Tuck the Siberian Husky has created a landscape reminiscent of the moon in his owner's backyard. Tuck’s owners previously had a terrier that used to dig up their yard, but they didn't think their Husky would follow in his footsteps. Why are Huskies so prone to digging holes too?
Huskies dig as part of their natural behavior to seek shelter, because they have a lot of energy, and because of a high prey drive. This makes your Husky a triple threat in the digging department! In the Arctic, a Husky would dig a hole in the snow and curl up inside, using the hole he dug as a den. Snow is an excellent insulator, and a hole would protect your Husky from windchill and trap body heat. While he may not have snow to dig in now, your Husky is still just as likely to use your flower garden to dig holes to fulfill his natural excavating instincts. You may not appreciate this, so training your Husky not to dig will be necessary.
Not only is your Husky highly motivated to dig holes to look for other critters, make a den for himself, or just because he is bored, but he is highly efficient at it. His big, sturdy, webbed paws and strong nails make excellent digging tools! He can dig a hole big enough to swallow a small truck in record time. You will want to discourage your Husky from digging up your backyard by managing energy and boredom and giving him alternative choices to entertain himself. Supervision and teaching a 'leave it' or 'stop it' command you can use when your Husky starts digging can also be effective. Some owners resort to negative consequences to correct digging behavior. Because digging is a natural instinct for your Husky, punishing him for it, or creating frightening negative consequence, can be confusing for him. However, your Husky may be putting himself in physical danger from digging, if he is digging under fences and escaping, or digging so deep he uncovers utility lines. In some cases, negative reinforcement may be required.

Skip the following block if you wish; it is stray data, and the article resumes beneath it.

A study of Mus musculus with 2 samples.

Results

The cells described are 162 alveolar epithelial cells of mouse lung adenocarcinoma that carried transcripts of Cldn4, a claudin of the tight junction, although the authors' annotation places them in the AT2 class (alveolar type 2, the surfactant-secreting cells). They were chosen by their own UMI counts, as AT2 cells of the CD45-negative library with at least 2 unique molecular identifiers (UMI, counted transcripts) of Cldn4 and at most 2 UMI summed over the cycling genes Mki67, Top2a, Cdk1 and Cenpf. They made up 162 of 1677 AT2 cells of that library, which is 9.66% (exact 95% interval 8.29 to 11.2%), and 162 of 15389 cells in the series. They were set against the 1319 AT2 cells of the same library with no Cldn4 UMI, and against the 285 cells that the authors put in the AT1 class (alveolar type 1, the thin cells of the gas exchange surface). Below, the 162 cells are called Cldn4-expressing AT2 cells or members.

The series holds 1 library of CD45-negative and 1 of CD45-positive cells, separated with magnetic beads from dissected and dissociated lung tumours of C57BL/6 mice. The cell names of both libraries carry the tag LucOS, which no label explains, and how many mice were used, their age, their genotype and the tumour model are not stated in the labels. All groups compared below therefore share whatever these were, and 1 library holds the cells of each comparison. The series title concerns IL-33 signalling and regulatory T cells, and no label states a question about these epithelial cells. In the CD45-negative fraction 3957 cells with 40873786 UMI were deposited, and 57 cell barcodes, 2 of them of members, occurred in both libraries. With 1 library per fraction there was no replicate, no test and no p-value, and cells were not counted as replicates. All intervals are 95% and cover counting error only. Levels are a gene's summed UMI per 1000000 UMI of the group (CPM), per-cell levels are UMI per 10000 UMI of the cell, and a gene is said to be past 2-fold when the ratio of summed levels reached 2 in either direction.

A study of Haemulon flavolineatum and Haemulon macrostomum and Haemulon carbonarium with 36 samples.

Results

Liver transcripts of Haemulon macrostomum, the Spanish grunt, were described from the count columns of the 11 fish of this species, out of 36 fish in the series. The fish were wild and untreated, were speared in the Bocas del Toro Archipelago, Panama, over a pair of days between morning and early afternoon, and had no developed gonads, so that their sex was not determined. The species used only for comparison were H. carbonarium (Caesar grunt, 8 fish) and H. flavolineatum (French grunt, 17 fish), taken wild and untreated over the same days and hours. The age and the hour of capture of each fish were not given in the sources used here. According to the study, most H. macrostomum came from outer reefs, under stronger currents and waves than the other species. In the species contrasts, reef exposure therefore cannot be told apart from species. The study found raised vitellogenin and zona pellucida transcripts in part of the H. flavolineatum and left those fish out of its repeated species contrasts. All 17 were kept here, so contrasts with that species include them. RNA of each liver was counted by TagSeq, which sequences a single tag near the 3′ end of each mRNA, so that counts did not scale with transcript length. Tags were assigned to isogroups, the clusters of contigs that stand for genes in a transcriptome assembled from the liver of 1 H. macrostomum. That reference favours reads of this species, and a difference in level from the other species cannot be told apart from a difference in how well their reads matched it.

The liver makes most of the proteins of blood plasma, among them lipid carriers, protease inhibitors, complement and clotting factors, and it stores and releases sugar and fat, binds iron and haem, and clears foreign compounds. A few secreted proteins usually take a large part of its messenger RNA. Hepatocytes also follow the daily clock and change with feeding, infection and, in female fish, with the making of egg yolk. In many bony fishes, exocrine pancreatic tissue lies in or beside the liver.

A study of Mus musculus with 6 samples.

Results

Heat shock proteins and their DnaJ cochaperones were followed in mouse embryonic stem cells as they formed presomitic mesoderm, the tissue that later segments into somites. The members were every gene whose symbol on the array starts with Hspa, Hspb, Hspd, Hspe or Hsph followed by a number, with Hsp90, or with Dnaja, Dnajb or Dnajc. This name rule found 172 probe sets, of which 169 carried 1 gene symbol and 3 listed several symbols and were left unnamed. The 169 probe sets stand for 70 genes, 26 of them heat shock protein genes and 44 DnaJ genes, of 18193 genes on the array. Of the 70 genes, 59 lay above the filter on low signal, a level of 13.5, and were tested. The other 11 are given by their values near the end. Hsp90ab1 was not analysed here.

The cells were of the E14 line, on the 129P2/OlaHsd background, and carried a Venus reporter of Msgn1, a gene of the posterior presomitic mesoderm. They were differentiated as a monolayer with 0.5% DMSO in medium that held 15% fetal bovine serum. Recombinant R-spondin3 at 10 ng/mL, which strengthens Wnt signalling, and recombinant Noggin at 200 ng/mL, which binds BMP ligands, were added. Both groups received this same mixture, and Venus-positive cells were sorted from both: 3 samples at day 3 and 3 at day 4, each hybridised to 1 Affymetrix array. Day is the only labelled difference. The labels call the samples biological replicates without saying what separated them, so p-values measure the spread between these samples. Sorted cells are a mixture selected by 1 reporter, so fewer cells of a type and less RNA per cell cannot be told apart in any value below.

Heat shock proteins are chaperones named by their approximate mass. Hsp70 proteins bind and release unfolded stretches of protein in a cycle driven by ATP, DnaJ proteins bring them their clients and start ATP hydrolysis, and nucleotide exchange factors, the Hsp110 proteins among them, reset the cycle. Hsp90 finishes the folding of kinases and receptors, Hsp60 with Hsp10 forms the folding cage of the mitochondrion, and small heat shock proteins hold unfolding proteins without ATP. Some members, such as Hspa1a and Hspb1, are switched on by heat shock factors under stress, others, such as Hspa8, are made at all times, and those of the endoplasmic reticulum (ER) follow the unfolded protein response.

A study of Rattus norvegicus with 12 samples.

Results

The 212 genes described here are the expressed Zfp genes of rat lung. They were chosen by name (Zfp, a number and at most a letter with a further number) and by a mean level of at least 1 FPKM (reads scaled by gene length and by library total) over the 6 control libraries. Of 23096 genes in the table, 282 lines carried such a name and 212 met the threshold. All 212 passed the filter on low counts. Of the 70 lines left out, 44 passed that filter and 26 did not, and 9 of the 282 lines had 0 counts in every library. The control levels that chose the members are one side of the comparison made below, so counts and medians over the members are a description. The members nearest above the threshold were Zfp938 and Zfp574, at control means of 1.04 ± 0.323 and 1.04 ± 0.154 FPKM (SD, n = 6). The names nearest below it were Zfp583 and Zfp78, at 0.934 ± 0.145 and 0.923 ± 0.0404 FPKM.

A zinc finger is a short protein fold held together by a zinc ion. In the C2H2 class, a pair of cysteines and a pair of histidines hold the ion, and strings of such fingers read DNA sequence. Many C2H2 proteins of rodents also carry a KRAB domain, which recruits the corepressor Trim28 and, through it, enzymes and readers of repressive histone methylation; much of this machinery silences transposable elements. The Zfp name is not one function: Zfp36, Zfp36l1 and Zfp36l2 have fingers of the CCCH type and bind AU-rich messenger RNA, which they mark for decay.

To train your Husky not to dig you will want to provide your dog with alternate methods of entertaining himself; chew items and toys can provide useful distractions. You may also need to spend some time supervising and correcting your Husky so he breaks his digging habit. Supervising your dog while outside to provide direction may be necessary. Burning off extra energy your Husky may be channeling into his digging projects is also useful, but will require time and effort on your part to provide exercise through walks, play and perhaps by giving your Husky a job to do.